Okowa's jobs creation myth and other stories Featured

Monday, 21 November 2016 00:00 Written by  Published in Niger Delta Watch Read 344 times
Ifeanyi Okowa: Delta state governor Ifeanyi Okowa: Delta state governor

When the governor of Delta State, Senator Ifeanyi Okowa celebrated one year in office, he held a press conference in Government House, Asaba as part of accountability to the electorate. In talking about his achievements, he said that he created 17, 173 jobs through his `smart agenda` programme.

 

 

Many Deltans were not amused, as the facts on the ground are contrary. True that some youths were trained in skills acquisitions, but the same people demonstrated against the programme on the streets of Asaba. Their grouse were that the starter packs given to them to start their own businesses were obsolete and that the job creation office of the Okowa administration short-changed them.  Thus, the so-called jobs creation existed more in the realm of fiction. The money used in training such people was just down the drains and wasting the scarce resources of government and also making some officials of the government richer.  Furthermore, when the governor mounted the mantle of leadership on May, 29 2015, many civil servants employed by the Uduaghan administration were sacked under the spurious claims that the appointments were done to favour some senatorial districts.

Deltans had expected the governor, as part of his one year anniversary, to recall such workers instead of weaving tortoise-like fable of creating invisible 17,173 jobs. Governance is not about propaganda or political sophistry. It is about visible democratic dividends to the people of which employment is a critical aspect. The job creation myth is making the government to stand on the credibility gap. It is not too late to right the wrongs.

The Ogoni Environmental Clean Up

President Muhammadu Buhari recently demonstrated unequalled leadership and statesmanship by launching the Ogoni clean up as recommended by the United Nations. Agreed that due to some exigencies, he was not personally present in Rivers State to flag off that epochal event, his administration’s resolve to frontally address the problems of the Niger Delta is iron cast.

The duo of Governor Nyesom Wike and Honourable Rotimi Amaechi tried to make a political capital of the occasion. The advice here is that both men should allow those in charge of the clean up to do a thorough job. The job should be given to experts and not opportunist politicians. It is really unfortunate that both men are in the ugly trenches of partisan politics and would not see anything good in each other. The people of Rivers State should be spared this ugly spectre that led to the death of many innocent souls. Wike as governor should focus on his work and bring dividends of democracy to the people. He should not continue to remind the people of Rivers State of the failures of the Amaechi era. The ball is in his court to correct those ills and write his name in gold. As for Amaechi, he is now a federal minister and on the national stage. He should concentrate on that rather than blame Goodluck Jonathan for not implementing the United Nation’s report.  Constant brooding of past would not advance the progress of the people of Rivers State, the two men have a future before them and should make judicious use of that so that the nation and the people of Rivers State would benefit from their political stewardship.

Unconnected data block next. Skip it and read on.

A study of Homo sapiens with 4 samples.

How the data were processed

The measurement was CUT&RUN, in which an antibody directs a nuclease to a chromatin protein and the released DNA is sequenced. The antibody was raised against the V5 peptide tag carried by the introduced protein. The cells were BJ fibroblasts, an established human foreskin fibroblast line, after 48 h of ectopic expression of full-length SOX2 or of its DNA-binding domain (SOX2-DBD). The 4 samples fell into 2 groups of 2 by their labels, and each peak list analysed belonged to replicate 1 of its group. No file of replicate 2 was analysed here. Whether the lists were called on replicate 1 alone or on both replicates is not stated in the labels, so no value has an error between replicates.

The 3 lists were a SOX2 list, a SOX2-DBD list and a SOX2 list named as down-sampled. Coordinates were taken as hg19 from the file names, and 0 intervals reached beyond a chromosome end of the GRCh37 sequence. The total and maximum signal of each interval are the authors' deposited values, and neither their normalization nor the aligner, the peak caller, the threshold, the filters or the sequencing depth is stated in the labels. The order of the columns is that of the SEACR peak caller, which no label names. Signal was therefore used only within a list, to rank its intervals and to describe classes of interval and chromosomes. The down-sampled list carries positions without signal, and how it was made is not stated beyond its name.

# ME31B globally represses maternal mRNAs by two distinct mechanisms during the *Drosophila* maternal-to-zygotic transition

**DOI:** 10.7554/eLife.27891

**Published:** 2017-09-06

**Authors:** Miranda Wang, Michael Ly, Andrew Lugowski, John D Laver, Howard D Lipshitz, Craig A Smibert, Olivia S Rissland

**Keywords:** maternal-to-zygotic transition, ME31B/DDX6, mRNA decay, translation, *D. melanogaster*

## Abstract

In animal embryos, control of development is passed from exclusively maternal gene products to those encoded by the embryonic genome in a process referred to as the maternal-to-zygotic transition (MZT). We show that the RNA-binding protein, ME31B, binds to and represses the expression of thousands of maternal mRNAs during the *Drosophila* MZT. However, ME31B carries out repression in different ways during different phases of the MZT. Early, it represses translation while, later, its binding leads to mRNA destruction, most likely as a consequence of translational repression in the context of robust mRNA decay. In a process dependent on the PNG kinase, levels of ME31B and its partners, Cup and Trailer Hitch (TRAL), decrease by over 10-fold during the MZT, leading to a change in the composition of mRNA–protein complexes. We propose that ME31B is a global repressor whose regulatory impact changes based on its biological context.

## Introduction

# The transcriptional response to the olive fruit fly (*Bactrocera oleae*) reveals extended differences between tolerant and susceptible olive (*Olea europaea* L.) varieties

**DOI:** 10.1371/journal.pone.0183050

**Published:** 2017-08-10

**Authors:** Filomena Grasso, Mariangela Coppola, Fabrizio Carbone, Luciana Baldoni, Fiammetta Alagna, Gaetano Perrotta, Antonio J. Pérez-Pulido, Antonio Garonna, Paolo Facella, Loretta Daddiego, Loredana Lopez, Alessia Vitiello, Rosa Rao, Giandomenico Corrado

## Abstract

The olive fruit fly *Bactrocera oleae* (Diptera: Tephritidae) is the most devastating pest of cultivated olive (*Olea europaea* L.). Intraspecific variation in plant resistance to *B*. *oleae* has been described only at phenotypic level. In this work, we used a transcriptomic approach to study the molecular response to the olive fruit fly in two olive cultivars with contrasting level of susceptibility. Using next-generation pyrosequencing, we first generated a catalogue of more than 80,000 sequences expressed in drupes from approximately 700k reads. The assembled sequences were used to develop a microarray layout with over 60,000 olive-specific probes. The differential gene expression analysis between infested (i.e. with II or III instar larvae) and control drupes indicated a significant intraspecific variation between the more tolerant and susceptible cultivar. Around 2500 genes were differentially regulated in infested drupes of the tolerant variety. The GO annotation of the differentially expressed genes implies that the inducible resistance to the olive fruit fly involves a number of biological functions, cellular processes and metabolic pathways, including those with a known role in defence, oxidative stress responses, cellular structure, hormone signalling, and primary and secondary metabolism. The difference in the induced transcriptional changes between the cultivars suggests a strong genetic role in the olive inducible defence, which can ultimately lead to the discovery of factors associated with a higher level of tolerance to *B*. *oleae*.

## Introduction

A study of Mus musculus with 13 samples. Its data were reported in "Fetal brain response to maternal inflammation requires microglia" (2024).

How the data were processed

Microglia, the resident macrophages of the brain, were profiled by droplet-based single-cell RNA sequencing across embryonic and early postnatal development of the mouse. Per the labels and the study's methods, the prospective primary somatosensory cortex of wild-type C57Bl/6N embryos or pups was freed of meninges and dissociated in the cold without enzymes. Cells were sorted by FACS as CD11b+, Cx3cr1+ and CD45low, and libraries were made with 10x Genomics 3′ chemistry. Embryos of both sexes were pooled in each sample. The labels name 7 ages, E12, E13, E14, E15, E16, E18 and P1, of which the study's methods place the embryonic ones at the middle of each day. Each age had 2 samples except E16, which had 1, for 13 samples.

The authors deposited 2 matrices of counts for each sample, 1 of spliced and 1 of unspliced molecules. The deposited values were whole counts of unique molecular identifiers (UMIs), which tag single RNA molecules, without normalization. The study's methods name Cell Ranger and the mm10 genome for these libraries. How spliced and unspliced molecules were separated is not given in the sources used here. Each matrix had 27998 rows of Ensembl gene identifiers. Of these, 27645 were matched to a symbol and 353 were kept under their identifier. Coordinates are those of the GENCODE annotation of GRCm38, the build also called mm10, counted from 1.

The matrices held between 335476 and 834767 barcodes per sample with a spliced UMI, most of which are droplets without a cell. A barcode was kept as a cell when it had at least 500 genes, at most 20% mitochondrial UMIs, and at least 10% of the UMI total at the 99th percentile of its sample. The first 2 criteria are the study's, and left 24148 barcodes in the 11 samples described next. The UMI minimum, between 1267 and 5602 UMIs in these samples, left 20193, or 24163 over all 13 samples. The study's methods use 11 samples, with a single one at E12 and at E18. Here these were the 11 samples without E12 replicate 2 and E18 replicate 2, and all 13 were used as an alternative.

Bayelsa’s Self Inflicted Poverty

Bayelsa state is one homogenous state with Ijaws in majority and a sprinkling of some Isoko elements. It is the home state of former president, Goodluck Jonathan, and is a one-city state as Yenagoa, the capital, is the only major town. Yet the state has no running water and the lecturers of the state university went on strike over unpaid salaries running into months. Civil servants in the state are owed six months salaries. But this is a state with only eight local government areas. In the midst of this self inflicted poverty, the Government House complex is a grotesque display of opulence amidst the stark poverty in the land. During the last governorship elections, violence became the signature tune for the state, with many people losing their lives. The question that staggers the imagination is why are Bayelsa politicians so selfish that they cannot even develop their own state? What is the governor, Chief Seriake Dickson doing with the monthly allocation from Abuja? Why do most politicians in the state have posh apartments in Port Harcout and the state is just a ground for political and business experimentation? Politics in the state unfortunately is in the realm of primitive accumulation of wealth. Meanwhile, the owners of electoral sovereignty continue to gnash their teeth. This is the sad tale of political experimentation in Bayelsa state.

Last modified on Monday, 09 January 2017 15:29
Ajalakpo Oweh

Ajalakpo Oweh, is a seasoned journalist who writes in from Delta state. He covers the southern sub-region of Nigeria for the magazine.